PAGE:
In March 2012, seventy-seven leading scholars gathered to discuss the topic of “Conversion, Intermarriage, and Jewish Identity”, and earlier this year, fifteen of the papers delivered at that conference were published in what is now the twenty-third volume of The Orthodox Forum Series. The papers contained in ‘Conversion, Intermarriage, and Jewish Identity’ (ed. A. Mintz & M. D. Stern) are divided into six categories: Intermarriage, Conversion in the State of Israel, History of Geirut, Current Contemporary Halakhic Approaches to Geirut, The Theological Foundations of Jewish Identity & Orthodox Responses to New Paradigms of Jewishness, and each paper offers a refreshing perspective on these complex issues.
As should be obvious, all of these topics are of crucial importance, and as Adam Mintz and Marc D. Stern observe in their introduction, the way in which the Jewish community address these topics “will determine the character and essence of the Jewish communities of the future.”
However, beyond the fundamental disagreements about how to approach the issues of conversion and intermarriage wherein “advocates on both sides speak with greater certainty about the wisdom of their approach than seems warranted”, what is also clear is that too many leading voices in the Jewish community are not sufficiently aware of the scale of these problems and the urgency to find solutions.
In an addendum to his paper addressing ‘Intermarriage and Jewish Communal Policy’, Dr. Steven Bayme writes that “many Orthodox leaders live in a bubble far removed from the day to day realities of American Jewish communal life…The total number of converts to Judaism in the United States likely exceeds 200,000, and the overwhelming majority of these conversions have occurred under non-Orthodox auspices”, but he notes that no viable policy has been seriously discussed regarding how the Orthodox community “relate to this critical mass of individuals, let alone their progeny?”.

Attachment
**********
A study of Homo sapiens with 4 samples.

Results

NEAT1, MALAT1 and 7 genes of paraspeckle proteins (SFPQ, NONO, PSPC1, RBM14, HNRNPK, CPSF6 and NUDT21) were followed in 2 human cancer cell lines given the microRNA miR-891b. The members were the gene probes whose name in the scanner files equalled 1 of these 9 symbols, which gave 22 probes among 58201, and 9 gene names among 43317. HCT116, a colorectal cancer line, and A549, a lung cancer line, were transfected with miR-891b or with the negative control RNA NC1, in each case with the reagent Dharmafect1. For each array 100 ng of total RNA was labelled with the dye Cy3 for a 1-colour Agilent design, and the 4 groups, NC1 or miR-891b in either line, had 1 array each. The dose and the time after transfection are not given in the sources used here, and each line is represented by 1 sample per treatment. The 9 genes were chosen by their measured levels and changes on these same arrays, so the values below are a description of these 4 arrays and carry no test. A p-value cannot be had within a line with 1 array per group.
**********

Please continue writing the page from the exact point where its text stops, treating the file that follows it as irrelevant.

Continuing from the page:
However, perhaps the reason for this is found in Marc D. Stern’s paper titled ‘The Jewish People – A Yawning Definitional Gap’ in which he observes that “[t]he requirements of conversion and the response to intermarriage are, for the Orthodox, essential benchmarks or border-markers of what it is to be Jewish…[but] Orthodox Jews who were born Jewish don’t often think of these boundary questions. They may not even be essential questions for those not inclined to self-reflections. But from a contemporary communal perspective, they are essential.”
“Conversion, Intermarriage, and Jewish Identity” is not a collection of solutions, but it is an important collection of papers that highlights the challenges which the Orthodox community currently faces but remains unprepared to directly confront. I would encourage anyone interested in halakha, policy or the future of the Jewish people to study this volume with care.